Thornburg Mortgage Inc. said Friday that it had resolved a dispute with warehouse lenders that had forced the jumbo loan specialist to miss a debt payment last month.
In March, Thornburg was able to avert bankruptcy when the five lenders — Bear Stearns Cos., Citigroup Inc., Credit Suisse Group, Royal Bank of Scotland Group PLC, and UBS AG — agreed to suspend margin calls.
But the lenders made another round of margin calls four months later, after Fitch Inc. downgraded more than $1 billion of mortgage-backed securities in Thornburg's portfolio.
The company disputed the amount the lenders demanded under the terms of their agreement.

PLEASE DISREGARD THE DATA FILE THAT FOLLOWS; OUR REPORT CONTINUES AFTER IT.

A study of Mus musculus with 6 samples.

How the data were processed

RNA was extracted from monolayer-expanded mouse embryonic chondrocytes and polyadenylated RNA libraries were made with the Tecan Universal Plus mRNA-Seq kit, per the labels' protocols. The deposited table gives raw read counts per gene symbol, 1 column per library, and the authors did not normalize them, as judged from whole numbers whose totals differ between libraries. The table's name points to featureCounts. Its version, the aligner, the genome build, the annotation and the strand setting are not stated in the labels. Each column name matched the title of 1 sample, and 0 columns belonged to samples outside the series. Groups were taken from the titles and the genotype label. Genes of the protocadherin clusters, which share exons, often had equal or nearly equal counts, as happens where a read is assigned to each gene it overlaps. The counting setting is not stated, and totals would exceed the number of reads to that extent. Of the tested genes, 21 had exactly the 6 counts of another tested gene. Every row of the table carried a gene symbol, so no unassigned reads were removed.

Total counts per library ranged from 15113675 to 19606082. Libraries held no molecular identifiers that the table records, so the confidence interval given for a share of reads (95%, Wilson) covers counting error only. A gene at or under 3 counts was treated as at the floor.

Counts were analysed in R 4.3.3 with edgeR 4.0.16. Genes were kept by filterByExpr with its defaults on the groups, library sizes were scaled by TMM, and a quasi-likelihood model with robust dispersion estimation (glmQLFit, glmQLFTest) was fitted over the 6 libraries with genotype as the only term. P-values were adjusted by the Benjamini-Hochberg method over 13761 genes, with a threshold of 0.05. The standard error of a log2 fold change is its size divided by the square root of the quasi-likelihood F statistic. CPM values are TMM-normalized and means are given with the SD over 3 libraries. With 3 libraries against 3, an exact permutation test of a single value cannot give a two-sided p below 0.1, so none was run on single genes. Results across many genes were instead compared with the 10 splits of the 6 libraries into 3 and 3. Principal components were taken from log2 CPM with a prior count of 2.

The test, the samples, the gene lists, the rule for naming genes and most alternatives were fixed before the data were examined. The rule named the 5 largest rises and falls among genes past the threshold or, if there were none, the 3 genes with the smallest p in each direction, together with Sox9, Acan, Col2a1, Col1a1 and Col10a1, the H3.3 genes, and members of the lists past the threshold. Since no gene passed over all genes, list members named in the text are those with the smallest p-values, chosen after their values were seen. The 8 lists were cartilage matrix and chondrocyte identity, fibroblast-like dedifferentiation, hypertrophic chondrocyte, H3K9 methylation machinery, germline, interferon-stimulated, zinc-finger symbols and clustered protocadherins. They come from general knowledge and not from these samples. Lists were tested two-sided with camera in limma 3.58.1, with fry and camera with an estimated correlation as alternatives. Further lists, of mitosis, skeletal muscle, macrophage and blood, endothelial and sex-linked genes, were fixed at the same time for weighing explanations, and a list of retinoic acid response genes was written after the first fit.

As the parties haggled over their conflicting interpretations of the agreement, the lenders began to withhold funds payable to Thornburg. For this reason, Thornburg said last month, it lacked the funds to make a $12.2 million interest payment that was due on $305 million of bonds.
On Friday, Thornburg said the lenders had agreed not to "invoke any margin calls against the company under any financing agreement to which they are a party" through mid-March.
In return, the company said it agreed to pay the lenders $68.8 million out of a reserve fund, among other things. That left $41.2 million in the fund to cover the overdue bond payment (which Thornburg made Friday) and "forecasted operating expenses and debt service payments through March."
Larry Goldstone, Thornburg's president and chief executive officer, said in a press release that it "will now be able to focus our complete attention on finding alternative financing solutions for our existing mortgage backed securities portfolio and on our loan origination business."